Old Pipes, Harsh Winter Mean Water Line Breaks

Feb 10, 2014

A city crew prepares to start fixing a broken water line in front of Kendall-Whittier Elementary Monday afternoon. The six-inch line is one of 89 to break in the last four days.
Credit Matt Trotter / KWGS

A cold, dry winter has meant more water line breaks than usual in Tulsa, but outdated pipes are partly to blame.

Tulsa has about 2,300 miles of pipes in its water distribution system, and about 1,000 miles of those pipes are made of cast iron. Water and Sewer Director Clayton Edwards said that's part of the problem.

"The pipes that we're replacing, most of them are cast iron pipes. We haven't put cast iron pipes in the ground for probably over 30 years," Edwards said. "Ever since I've been here, we've put in duct iron pipe and a lot of PVC pipe."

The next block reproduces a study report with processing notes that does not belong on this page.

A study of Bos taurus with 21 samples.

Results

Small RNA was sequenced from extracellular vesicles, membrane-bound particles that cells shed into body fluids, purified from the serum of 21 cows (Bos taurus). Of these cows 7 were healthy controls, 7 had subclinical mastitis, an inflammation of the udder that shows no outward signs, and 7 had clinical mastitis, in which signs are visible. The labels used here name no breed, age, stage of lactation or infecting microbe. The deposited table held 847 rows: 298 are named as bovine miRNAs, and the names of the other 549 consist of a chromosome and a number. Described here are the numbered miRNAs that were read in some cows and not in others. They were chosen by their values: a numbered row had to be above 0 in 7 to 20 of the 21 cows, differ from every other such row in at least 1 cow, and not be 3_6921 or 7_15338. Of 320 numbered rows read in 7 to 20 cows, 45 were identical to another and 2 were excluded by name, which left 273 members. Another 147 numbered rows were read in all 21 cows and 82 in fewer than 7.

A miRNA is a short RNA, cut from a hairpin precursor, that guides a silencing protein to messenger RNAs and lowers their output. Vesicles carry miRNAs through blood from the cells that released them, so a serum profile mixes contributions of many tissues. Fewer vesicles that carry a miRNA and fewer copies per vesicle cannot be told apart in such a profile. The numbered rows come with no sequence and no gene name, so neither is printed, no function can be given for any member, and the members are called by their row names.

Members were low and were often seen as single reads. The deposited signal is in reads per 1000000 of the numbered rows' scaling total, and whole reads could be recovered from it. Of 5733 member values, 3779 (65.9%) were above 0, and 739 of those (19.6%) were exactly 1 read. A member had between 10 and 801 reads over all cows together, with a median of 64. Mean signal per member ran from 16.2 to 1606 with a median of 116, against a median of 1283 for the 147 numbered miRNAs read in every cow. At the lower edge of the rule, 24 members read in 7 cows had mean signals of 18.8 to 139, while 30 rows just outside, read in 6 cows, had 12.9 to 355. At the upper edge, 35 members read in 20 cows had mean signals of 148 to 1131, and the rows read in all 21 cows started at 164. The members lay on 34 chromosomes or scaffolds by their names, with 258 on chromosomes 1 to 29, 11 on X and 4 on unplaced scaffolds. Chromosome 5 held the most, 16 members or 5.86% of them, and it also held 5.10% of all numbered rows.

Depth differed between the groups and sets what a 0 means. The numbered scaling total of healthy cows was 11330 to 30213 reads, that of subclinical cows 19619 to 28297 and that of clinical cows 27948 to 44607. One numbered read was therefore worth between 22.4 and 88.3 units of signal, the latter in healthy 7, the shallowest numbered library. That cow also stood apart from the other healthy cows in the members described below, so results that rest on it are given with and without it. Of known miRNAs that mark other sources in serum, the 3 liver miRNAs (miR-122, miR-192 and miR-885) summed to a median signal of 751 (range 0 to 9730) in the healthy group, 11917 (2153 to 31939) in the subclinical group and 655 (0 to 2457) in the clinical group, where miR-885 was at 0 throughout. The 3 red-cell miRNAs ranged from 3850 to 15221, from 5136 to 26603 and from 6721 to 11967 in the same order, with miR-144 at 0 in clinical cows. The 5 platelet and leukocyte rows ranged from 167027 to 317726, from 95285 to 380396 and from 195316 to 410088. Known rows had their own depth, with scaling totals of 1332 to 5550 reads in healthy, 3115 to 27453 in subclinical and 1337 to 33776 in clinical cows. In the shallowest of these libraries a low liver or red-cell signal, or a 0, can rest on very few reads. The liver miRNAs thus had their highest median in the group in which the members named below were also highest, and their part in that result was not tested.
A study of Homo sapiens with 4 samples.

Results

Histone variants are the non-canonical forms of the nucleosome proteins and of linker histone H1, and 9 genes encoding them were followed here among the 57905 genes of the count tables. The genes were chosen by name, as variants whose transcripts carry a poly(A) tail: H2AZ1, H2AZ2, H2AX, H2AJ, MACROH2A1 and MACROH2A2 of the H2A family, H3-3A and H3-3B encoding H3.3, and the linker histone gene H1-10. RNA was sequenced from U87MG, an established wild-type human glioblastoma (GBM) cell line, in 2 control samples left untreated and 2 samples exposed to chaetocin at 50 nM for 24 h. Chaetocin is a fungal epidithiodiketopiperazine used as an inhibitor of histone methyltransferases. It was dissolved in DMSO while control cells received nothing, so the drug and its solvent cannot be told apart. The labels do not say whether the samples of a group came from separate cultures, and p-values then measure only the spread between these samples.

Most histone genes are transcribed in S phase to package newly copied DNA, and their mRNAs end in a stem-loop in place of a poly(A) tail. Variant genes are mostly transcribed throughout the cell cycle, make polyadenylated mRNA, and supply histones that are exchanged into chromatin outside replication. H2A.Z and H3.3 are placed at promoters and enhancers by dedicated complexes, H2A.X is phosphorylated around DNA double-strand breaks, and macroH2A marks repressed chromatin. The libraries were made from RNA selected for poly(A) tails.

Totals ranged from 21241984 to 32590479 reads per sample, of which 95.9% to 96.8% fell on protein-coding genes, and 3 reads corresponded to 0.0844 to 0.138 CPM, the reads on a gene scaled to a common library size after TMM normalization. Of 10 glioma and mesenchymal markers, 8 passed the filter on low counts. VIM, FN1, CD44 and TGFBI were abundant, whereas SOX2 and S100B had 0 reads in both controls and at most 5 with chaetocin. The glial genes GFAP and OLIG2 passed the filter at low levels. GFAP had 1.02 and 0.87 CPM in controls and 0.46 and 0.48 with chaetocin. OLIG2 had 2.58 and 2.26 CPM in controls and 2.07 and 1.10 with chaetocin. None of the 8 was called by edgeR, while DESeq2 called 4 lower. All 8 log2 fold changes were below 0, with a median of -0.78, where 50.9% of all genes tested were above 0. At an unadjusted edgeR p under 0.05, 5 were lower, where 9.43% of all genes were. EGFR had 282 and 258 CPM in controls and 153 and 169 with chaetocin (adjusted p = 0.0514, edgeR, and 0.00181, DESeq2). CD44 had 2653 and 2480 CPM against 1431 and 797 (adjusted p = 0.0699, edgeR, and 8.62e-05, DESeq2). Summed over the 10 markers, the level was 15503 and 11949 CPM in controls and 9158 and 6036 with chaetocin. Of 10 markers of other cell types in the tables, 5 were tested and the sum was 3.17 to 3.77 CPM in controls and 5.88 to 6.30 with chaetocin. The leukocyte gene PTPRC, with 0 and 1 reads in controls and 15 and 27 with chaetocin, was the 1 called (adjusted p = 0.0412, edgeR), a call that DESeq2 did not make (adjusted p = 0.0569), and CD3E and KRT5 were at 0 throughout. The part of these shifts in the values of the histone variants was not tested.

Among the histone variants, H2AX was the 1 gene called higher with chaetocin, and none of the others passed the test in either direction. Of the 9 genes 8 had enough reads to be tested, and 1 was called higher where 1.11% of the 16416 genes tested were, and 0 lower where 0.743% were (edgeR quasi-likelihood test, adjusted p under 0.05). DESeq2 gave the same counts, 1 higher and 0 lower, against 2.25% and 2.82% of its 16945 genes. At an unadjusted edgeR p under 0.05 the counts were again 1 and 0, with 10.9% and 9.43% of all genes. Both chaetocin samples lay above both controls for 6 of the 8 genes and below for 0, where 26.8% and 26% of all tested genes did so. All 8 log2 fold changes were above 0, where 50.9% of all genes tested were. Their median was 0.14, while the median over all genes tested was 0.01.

The city is spending $60 million to replace old pipes over the next five years. For now, Tulsa is on track to spend the $9 million budgeted for water line breaks.

Tulsa has had 89 water line breaks in the last four days, and crews are still working to repair 22 of them.

A typical break to a six-inch water pipe takes five to six hours to repair, and Water Distribution Manager Rick Caruthers said that's added up quickly for workers.

"Our crews have been working ... probably 70, 80 hours a week the last couple weeks. We've got to commend our employees, they're doing an excellent job," Caruthers said. "I ask everybody, if you're going through the area where we have a water line break, please move through the area as slowly as possible."

So far there have been 114 water line breaks this month. The most was more than 300 in August 2011.